The women’s basketball coach says his team is ready to take on the toughest slate of opponents he can remember.
USF women's basketball coach Jose Fernandez, pictured during a game against UCF in March, says his team "deserves" to play what he calls the toughest schedule he can remember in his 22 seasons with the Bulls.
USF women's basketball coach Jose Fernandez, pictured during a game against UCF in March, says his team "deserves" to play what he calls the toughest schedule he can remember in his 22 seasons with the Bulls. [ DIRK SHADD | Times ]
Published Oct. 13
Updated Oct. 13

TAMPA — USF women’s basketball coach Jose Fernandez looks at his roster and says, “this team deserves to play a great schedule.”

It’s why Fernandez loaded up on great opponents, leading to what he called the toughest schedule in his 22 seasons with the Bulls — which is saying a lot, because USF once played in the Big East with several powerhouses, including 11-time national champion UConn.

After opening the season Nov. 9 at home against Texas Rio Grande Valley, USF’s schedule quickly becomes more challenging. On Nov. 15, the Bulls travel to perennial power Tennessee, followed the next week by two events in the Bahamas — the prestigious Battle 4 Atlantis and the Baha Mar Hoops Flamingo Championship. In that span, USF potentially could face three of the four teams that took part in the 2021 Women’s Final Four — UConn, South Carolina and defending national champion Stanford. 

The Bulls will play Stanford in the Flamingo on Nov. 26. Whether they face UConn and/or South Carolina in the Battle 4 Atlantis will depend on how the brackets play out.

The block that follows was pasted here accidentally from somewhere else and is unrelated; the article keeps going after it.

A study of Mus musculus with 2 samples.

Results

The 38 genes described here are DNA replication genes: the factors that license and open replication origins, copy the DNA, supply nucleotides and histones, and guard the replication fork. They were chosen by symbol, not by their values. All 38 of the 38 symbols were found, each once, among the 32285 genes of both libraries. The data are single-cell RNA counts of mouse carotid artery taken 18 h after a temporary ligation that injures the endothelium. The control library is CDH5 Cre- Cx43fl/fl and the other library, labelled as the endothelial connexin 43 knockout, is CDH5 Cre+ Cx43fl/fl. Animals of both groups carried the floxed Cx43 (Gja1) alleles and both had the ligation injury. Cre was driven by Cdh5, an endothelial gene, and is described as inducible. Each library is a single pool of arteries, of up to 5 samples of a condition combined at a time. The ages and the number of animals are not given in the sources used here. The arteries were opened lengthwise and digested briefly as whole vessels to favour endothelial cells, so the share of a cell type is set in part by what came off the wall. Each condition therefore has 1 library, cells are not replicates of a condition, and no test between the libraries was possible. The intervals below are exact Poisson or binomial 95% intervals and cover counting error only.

Bottom line: It will be a challenging road for the Bulls, who not only return their six top scorers from last season but have added some serious talent, including one of the most sought-after players in the transfer portal — 6-foot-4 redshirt senior Dulcy Fankam Mendjiadeu, who came from Memphis.

The hype surrounding this team grew Wednesday, when USF was picked by AAC coaches to defend its conference title, earning the top spot with 10 of the 11 possible first-place votes. In addition, five Bulls were named to the preseason all-conference teams, including first-teamers Fankam Mendjiadeu, Elena Tsineke and Bethy Mununga; and second-teamers Sydni Harvey and Elisa Pinzan.

The combination of the 6-foot Mununga and Fankam Mendjiadeu, coupled with 6-2 senior Shae Leverett, should allow the Bulls to match up with just anybody under the boards. Mununga led the AAC last year with 12.9 rebounds per game, while Fankam Mendjiadeu was second at 10.6, followed by Leverett at 6.8.

Guards Tsineke, Harvey and Pinzan, meantime, return as the team’s top three scorers, averaging 13.6, 11.7 and 10.3 points a game, respectively.

But there is even more to get excited about, including the dramatic improvement in the offseason of 5-8 freshman guard Sara Guerreiro and the additions of 6-1 junior college transfer Patience Williams and 5-10 guard Aerial Wilson, who started 49 of 50 games for Memphis the past two seasons.  

Fernandez, who is steadily back to strength after offseason abdominal surgery, said his team’s energy and chemistry couldn’t be much better through the first week-plus of practices — particularly after last season’s struggles that involved a 30-day midseason layoff due to coronavirus issues.

“Everything that this team went through last year, I mean, it was tough,” Fernandez said. “We were playing our best basketball at the time (of the coronavirus shutdown), and then we had a 30-day layoff and we just kind of stumbled all the way through into the NCAA tournament (before losing in the second round to North Carolina State 79-67).”

Fernandez said the tougher schedule might help the Bulls receive a higher position than the No. 8 seed they received last year, which many saw as a snub after USF finished 18-3 and won both the AAC regular-season and tournament titles.

“I think our guys know what we have ahead of us in November and December and why we scheduled the way we did,” Fernandez said. “The goal is to get a better seed than a 7, 8 or 9 seed. You get a better seed, you have an opportunity to be a host in the first or second round, and if you do that it gives you a much better chance to get to that second weekend (of the NCAA tournament).”